Councils up and down the country have declared climate emergencies. But what happens next?
29 Oct 2019
Climate Action Plan for councils
We need councils to turn their political promises in to concrete action by adopting a climate action plan – leading the way where the national government continues to fail.
To help get them started, we’ve created a template Climate Action Plan for councils in England and Wales, with 50 concrete steps they should take.
But they need to know local residents want it – that’s where you come in. We need communities to join together to convince their councils to adopt an ambitious climate action plan. The 50-point plan can be adapted to suit your area – after all, you know best what your community needs.
And as more and more communities and councils take climate action across the UK, pressure will mount on the national government to do the same. So let’s get to it.
How to use the plan
- Download the Climate Action Plan for councils in England and Wales.
- Discuss the Climate Action Plan with your group and allies - you might find our Explainer Guides helpful. Then edit the 50 actions to reflect your local context.
- Research what your council is already doing and what it has already committed to doing. Our handy climate tool is a good place to start.
- Prioritise the most-important actions for your council to take straight away.
- Get your community behind the plan. Put on events, panel discussions, street stalls, film screenings.
- Listen to what others think about the plan, how it could be improved and implemented.
- Lobby the council to adopt the plan. Start an online petition, organise events and demonstrations, talk to the local media, and arrange meetings with your local councillors.
The nitty gritty
This Climate Action Plan has been made for councils in England and Wales and is not applicable to those in Scotland or Northern Ireland. We’ll be creating a version for Northern Ireland soon.
Some actions in the Plan will not be relevant for all councils due to the different powers and responsibilities they have.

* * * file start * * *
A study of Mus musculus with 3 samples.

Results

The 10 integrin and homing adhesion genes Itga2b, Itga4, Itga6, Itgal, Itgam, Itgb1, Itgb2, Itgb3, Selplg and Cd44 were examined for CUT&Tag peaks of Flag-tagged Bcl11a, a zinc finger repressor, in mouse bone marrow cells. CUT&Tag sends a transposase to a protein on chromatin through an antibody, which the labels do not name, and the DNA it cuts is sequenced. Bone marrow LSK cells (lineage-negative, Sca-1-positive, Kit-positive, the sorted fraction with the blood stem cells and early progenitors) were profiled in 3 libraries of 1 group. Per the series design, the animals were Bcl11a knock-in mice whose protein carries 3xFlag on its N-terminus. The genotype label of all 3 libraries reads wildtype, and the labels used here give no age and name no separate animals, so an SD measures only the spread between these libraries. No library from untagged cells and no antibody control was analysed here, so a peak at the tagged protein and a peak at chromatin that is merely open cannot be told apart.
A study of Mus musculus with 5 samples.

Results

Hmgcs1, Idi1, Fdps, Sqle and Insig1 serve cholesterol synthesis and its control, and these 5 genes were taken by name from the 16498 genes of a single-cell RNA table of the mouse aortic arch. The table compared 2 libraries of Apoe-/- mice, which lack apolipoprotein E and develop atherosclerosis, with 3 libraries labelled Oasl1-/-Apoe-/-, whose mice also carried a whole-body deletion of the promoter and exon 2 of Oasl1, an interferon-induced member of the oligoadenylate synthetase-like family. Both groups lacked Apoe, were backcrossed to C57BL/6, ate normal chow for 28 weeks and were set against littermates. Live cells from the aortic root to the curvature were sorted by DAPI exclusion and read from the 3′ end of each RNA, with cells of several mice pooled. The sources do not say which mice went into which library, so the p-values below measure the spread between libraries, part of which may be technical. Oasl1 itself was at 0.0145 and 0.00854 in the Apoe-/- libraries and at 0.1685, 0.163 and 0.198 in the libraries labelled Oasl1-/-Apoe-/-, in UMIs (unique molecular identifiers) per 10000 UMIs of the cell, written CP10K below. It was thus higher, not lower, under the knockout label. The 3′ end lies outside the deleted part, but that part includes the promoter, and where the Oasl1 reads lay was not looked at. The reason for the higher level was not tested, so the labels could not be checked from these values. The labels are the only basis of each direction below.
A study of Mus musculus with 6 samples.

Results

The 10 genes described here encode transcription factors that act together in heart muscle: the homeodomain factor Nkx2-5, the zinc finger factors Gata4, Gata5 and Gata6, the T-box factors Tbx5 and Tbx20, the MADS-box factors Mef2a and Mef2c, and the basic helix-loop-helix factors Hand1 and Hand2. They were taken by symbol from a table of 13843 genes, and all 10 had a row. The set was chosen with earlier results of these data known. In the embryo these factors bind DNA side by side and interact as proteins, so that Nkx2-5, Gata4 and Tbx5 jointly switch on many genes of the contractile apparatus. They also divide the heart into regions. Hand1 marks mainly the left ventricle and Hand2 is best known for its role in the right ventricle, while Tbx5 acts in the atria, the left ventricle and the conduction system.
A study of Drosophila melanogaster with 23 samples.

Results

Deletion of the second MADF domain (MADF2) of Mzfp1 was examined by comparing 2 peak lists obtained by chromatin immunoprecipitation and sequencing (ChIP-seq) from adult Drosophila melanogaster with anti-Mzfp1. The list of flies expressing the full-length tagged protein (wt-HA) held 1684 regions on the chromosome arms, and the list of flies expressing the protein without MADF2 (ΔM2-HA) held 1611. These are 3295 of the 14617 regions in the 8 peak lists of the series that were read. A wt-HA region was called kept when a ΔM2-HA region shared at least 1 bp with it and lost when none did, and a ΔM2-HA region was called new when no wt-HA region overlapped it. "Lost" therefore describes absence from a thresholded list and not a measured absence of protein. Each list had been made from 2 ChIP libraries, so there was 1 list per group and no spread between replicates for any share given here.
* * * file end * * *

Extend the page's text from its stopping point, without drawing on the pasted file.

There are different types of local authorities:
- two-tier local authorities (eg county councils, district councils);
- unitary authorities;
- metropolitan authorities;
- and combined local authorities.
Some combined authorities have a mayor who has specific powers over local decision-making.
We've put together a table to show you which local authorities can take which actions.
Your council’s Climate Action Plan should take into account the different needs, geography and demographics of your local area.
In dense urban areas, like central London boroughs, homes will be responsible for the majority of emissions. In smaller cities, or more suburban or rural areas, transport may be the largest source.
That's why we're encouraging groups to prioritise the parts of the plan that are most relevant for their area.
Even so, we'd like all councils to commit to improving decision-making, raising money and campaigning – as these actions really can have a big impact on the success of the overall plan.
We want to see councils pass motions committing to all of these actions, or at least a large majority. The next stage will be deciding how to hold councils to account for these commitments.
As our campaign progresses and we continue to share and learn from each other, we will likely adapt the Climate Action Plan for councils. So please let us know if you have any feedback by emailing firstname.lastname@example.org.